Emotions are the two-edged sword of decision making. They help us get what we want, and they hold us back. Sometimes following our gut is a source of genius, but most often it’s a terrible strategy. To make high quality decisions, we have to use emotions when they are useful, and set them aside when they’re not the right tool for the job.
When we make a decision, our emotions give us shortcuts by summing up a huge amount of information into simple feelings. That is why our gut instincts, when correct, are so powerful. This is extremely useful when we have to decide quickly, and especially if we have a lot of experience with a decision. But in business, we usually have days, weeks or even months to make decisions, and our decisions are complex enough that even roughly similar decisions are actually quite different from each other. In business, emotional shortcuts often lead us astray.
Emotions, like blinders on a racehorse, also focus our attention. When we’re excited, we ignore risks and fixate on opportunity. When we’re stressed, we fixate on risks and ignore opportunity. This is useful when making challenging decisions that involve extremely large risks, or long-term decisions that require extreme persistence. But in business, we work in teams of people with diverse views, and we get paid to take calculated risks. In business, emotional blinders often keep us in dark.
These biases cause obvious problems for personal decisions – shortcuts lead us off the track and blinders hide the best choices from us. But businesses usually make decisions in team settings, and that is where things can really go off the rails.
That is because these emotional biases are easy to see in other people, but unfortunately almost impossible to see in ourselves. Think about how it feels when you talk to a person who is afraid of a decision. They sound...afraid. A little fear, and they seem hesitant and uncertain. A lot of fear, and they seem rash and impulsive.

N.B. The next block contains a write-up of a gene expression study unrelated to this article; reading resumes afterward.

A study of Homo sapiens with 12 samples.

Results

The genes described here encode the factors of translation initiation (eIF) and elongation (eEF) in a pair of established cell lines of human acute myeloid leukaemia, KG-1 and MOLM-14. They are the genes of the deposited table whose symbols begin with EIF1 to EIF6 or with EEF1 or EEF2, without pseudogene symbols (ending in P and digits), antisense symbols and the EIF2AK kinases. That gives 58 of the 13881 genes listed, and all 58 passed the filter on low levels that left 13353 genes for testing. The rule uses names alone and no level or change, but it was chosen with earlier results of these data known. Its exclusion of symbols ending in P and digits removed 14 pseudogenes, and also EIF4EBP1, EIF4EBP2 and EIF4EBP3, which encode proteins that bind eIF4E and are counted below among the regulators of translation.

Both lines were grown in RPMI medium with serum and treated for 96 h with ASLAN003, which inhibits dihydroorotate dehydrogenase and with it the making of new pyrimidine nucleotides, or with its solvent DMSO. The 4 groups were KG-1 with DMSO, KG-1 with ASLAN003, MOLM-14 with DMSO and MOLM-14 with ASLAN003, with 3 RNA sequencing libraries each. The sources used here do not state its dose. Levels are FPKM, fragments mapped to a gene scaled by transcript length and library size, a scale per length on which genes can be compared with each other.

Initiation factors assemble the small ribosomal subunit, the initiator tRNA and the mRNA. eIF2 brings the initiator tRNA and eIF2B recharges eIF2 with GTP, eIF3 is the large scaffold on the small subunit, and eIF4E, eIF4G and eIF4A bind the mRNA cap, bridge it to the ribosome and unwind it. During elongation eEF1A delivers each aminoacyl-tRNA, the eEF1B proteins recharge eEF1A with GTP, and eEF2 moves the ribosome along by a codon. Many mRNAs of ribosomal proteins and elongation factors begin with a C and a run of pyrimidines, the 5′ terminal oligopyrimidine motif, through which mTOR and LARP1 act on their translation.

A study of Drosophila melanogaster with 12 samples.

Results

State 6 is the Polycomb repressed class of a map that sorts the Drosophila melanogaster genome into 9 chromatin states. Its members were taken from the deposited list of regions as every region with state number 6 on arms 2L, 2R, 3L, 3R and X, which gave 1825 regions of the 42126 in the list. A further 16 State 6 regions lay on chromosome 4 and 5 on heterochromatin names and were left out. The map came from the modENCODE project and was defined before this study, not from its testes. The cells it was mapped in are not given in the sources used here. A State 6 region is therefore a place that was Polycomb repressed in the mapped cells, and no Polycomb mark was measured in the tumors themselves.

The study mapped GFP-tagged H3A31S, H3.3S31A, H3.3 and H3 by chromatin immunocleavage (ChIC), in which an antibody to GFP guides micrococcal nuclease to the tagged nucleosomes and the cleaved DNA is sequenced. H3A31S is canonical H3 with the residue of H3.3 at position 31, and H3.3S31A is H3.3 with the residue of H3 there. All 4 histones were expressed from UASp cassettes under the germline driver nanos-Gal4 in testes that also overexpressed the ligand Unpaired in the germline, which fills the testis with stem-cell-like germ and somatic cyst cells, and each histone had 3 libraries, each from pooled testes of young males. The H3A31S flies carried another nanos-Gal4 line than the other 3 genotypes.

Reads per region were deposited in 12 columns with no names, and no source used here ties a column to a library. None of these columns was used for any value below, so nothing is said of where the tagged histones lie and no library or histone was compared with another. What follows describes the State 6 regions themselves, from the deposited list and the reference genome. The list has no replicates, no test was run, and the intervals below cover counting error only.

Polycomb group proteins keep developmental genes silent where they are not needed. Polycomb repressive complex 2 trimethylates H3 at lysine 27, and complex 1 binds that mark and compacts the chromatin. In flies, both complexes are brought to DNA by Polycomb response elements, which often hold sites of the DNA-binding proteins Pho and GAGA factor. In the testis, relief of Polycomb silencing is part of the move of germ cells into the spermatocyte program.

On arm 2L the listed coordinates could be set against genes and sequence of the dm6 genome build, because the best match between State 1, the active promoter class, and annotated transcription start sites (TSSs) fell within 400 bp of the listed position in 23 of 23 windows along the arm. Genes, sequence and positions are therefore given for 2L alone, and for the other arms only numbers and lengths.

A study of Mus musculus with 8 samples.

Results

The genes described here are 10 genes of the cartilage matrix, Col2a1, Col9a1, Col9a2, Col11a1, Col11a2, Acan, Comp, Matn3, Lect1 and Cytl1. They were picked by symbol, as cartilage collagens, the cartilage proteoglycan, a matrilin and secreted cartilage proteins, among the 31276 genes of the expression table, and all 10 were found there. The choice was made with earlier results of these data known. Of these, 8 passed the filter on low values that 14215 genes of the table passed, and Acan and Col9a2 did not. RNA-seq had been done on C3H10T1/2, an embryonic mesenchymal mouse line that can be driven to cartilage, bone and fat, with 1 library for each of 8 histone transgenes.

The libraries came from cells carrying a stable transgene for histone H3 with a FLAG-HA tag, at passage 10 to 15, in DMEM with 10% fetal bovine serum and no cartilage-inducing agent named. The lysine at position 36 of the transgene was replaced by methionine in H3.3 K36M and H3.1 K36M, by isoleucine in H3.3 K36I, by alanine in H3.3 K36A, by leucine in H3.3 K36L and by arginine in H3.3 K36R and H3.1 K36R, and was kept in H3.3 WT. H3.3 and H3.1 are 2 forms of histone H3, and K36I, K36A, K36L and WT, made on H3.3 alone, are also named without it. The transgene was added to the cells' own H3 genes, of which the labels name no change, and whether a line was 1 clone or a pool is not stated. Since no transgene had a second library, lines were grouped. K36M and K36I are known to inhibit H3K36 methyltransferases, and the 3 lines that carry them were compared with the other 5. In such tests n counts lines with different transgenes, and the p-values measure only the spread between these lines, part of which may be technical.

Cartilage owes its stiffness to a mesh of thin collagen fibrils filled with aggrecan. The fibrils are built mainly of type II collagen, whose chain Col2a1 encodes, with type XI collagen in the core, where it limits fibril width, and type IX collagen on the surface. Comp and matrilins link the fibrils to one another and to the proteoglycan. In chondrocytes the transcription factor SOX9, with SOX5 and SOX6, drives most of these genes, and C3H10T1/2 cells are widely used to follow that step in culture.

Now think how it feels when we are afraid of a decision. It’s a different story. A little fear, and we think we are just being prudent. A lot of fear, and we are tackling an important crisis.
So with a team decision, everyone around the table sees the biases in their teammates, but ignores their own biases. Getting past disagreements and building buy-in is tough when people stop listening because they think they are the only ones seeing things clearly. Increase the level of stress in the group, and this gets even worse. In the extreme, everyone thinks they’re the only genius in a room full of idiots, and nothing gets done. Just look at Congress for a painful example.
The truth is that we are all biased. We are all like the emperor who wore no clothes, only our own brains are the ones ignoring our bare bums, which are exposed for everyone to see. So when you find yourself feeling like the only one in the room with a clear view of the decision, make an extra effort to step into the shoes of those around you. Besides building trust and understanding, it’s guaranteed to reveal new opportunities that your shortcuts missed, and important risks that your blinders blocked.